FAQ – All Your Cigar Questions Answered Here

Q – How far down do you smoke a cigar?

A –  The choice of how far down you smoke a cigar is very personal. While we suggest about two thirds of the way down, many people like to smoke them to the very end. It is much like drinking wine, some people like to go right down to the dregs of the bottle and other people like to stop somewhere above that. Tobacco is its own best filter, so a cigar becomes somewhat stronger and more pungent near the end. To some people this is the best part; again the choice is personal. For us, two thirds of the way down is the best flavor, beyond that it gets a little strong.

Q – Do you take the band off or leave it on?

A –  We suggest, and it is considered proper to leave the band on, since taking it off could chip or tear the wrapper, breaking the integrity of a cigar. The vegetable paste that is used to put the band on sometimes spills over on to the cigar. While trying to get it off you could possibly tear or damage the delicate wrapper.

Q – Can you re-light a cigar?

A –  Cigars have natural oils in them, that is the reason you heat a cigar before you actually light it. As long as these oils are fluid or soft you can re-light the cigar. This would generally be fifteen or twenty minutes after the cigar fire goes out. Once these oils have crystallized or solidified the cigar will no longer give you the same taste and smoothness. It will become bitter and pungent. By the same token, it is when these oils harden that the cigar becomes somewhat disturbing in the ashtray.

Q – How long should the ash be?

A –  There is no special rule or any real benefit about the length of an ash. While it is true a long ash can sometimes indicate a well made cigar, it is more often a measure of the smokers patience and skill. Our suggestion, an ash should not be allowed to reach such proportions that it will fall on the carpet or your best suits causing subsequent damage. Do remember, however, not to knock the ash off, but to tap or roll it gently, remember the cigar knows what to do.

Q – At what temperature and humidity should I keep my cigars?

A –  A very general rule of thumb is 70/70, in other words 70% humidity at 70 degrees. In reality, unless storing for a very long period of time, temperature is of little consequence if the cigars are to be kept in a normal household environment. Humidity on the other hand is quite important. Here a range of 68% to 72% is an appropriate benchmark. It is important to note that cigars have very different constructions. Cigars that are packed pressed in a thirteen top or other similar packaging, where it squares off the shape of the cigar is rolled with a different consistency then a cigar that is bundled, for example, in an 8-9-8 packaging. You may like one to have more or less humidity than the other; personal taste is the only accurate barometer. Our suggestion, throw away the dials and learn to feel with your fingers. I never saw a cigar maker with a hygrometer under his bench. Do not, as some may tell you, put your cigars in the refrigerator unless you are still using your Grandmothers which required defrosting. The modern day refrigerators are “frost free” and therefore it takes the humidity out automatically.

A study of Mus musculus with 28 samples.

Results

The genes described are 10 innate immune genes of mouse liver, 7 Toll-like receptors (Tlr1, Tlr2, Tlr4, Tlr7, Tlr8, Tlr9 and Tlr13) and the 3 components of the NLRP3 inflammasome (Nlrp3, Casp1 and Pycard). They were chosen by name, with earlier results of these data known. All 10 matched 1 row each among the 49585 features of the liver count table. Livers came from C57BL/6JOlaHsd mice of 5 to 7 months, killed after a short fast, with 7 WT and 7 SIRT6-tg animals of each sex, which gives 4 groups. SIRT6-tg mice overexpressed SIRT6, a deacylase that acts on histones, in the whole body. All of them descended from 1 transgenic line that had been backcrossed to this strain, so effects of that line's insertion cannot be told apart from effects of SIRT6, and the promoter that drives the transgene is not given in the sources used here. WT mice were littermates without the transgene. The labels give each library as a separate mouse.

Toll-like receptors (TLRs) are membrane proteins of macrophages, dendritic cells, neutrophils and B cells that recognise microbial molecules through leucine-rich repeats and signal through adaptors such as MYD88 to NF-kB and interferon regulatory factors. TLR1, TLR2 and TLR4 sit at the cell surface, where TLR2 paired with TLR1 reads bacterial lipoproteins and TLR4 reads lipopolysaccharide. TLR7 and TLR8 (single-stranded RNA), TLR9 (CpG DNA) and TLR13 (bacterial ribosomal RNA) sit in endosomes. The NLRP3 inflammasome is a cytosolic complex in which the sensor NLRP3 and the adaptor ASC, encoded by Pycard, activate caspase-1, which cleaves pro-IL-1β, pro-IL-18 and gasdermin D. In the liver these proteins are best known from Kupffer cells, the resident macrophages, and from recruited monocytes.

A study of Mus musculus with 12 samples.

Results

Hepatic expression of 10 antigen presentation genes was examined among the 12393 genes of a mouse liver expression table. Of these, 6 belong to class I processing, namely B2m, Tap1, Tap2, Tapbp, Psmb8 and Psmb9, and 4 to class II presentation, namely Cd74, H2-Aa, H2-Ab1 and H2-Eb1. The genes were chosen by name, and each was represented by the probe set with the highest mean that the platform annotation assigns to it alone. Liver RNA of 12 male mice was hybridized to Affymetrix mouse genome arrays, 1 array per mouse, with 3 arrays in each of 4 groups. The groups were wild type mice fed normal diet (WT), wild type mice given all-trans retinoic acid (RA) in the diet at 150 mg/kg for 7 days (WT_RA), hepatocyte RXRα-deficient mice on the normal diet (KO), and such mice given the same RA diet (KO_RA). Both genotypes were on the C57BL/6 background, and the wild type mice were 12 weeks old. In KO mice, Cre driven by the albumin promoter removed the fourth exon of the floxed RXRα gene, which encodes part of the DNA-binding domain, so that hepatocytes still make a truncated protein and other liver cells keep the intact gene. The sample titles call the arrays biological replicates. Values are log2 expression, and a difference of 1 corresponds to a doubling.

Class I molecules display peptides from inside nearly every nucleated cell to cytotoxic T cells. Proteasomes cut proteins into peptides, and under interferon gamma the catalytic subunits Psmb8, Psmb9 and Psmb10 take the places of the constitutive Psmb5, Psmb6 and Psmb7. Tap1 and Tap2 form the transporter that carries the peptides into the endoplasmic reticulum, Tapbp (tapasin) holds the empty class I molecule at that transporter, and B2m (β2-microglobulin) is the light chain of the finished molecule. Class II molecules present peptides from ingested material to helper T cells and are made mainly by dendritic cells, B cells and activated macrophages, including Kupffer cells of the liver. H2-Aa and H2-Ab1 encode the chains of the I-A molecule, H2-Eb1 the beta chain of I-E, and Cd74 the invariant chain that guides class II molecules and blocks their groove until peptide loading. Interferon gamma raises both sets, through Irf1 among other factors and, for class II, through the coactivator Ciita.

Q – My cigars have a white mold on them – what can I do?

A –  Plain white vinegar. Dampen a soft cloth with some vinegar and wipe the cigar to remove the mold. The vinegar will dissipate and not linger on the cigars. While cigars will absorb many aromas and tastes, vinegar is not one of them.

Q – What is a good Cigar – How can I choose one that’s right for me?

A –  A good cigar is the one you like best, there is no right or wrong, there are no set rules, there is no mantra that dictates correctness, it is a matter of personal choice. Choosing one that is right for you is your own exploration into a world of pleasure. Certainly a good Tobacconist will help describe flavors for you, but the choice of shape is personal and the response of your palate to the blend is strictly personal. Don’t let anyone tell you that one shape is better than another is. The feel of a cigar, the look of a cigar and certainly the taste, is something you can only try and no one can dictate.

Q – What are some of the different wrappers used in cigars?

A –  In premium cigars the majority of the wrappers are Cameroon or Connecticut shade or varieties thereof. The same seed planted in different soils will have the same characteristics but slightly different flavors. Most wrappers are a variety of these two seed groups.

Q – What is the bunch or the filler and how many packs of tobacco go into that?

A–  A cigar can have many types of filler tobaccos. There are anywhere from three to seven different tobaccos used for the inside of a cigar. Piloto Cubano or Olor, as well as a large spectrum of other South American, Central American, and Caribbean tobaccos which can be blended together to create the basic flavor of a cigar.

Q – Why does a cigar burn unevenly?

A –  It is either the fault of the binder or the maker. Even in the best cigars you will occasionally find a cigar that burns unevenly. After all, they are handmade. It should, however, be a very rare occasion, one out of every hundred, not three or four in a box, which would ruin your smoking pleasure.

Q – What is the difference between long leaf filler and short filler?

A –  Premium cigars are all made of long filler which means full pieces of the tobacco leaf that run from one end of the cigar to the other. They are hand rolled together in accordion fashion so as to permit you a smooth, proper, even draw of the cigar. Short Filler cigars are made with chopped tobacco, much like a cigarette and are often held together with a homogenized binder.

Q – How do you put a cigar out?

A –  You leave it in the ash tray and let it die with dignity, its as simple as that. Don’t snuff out a cigar.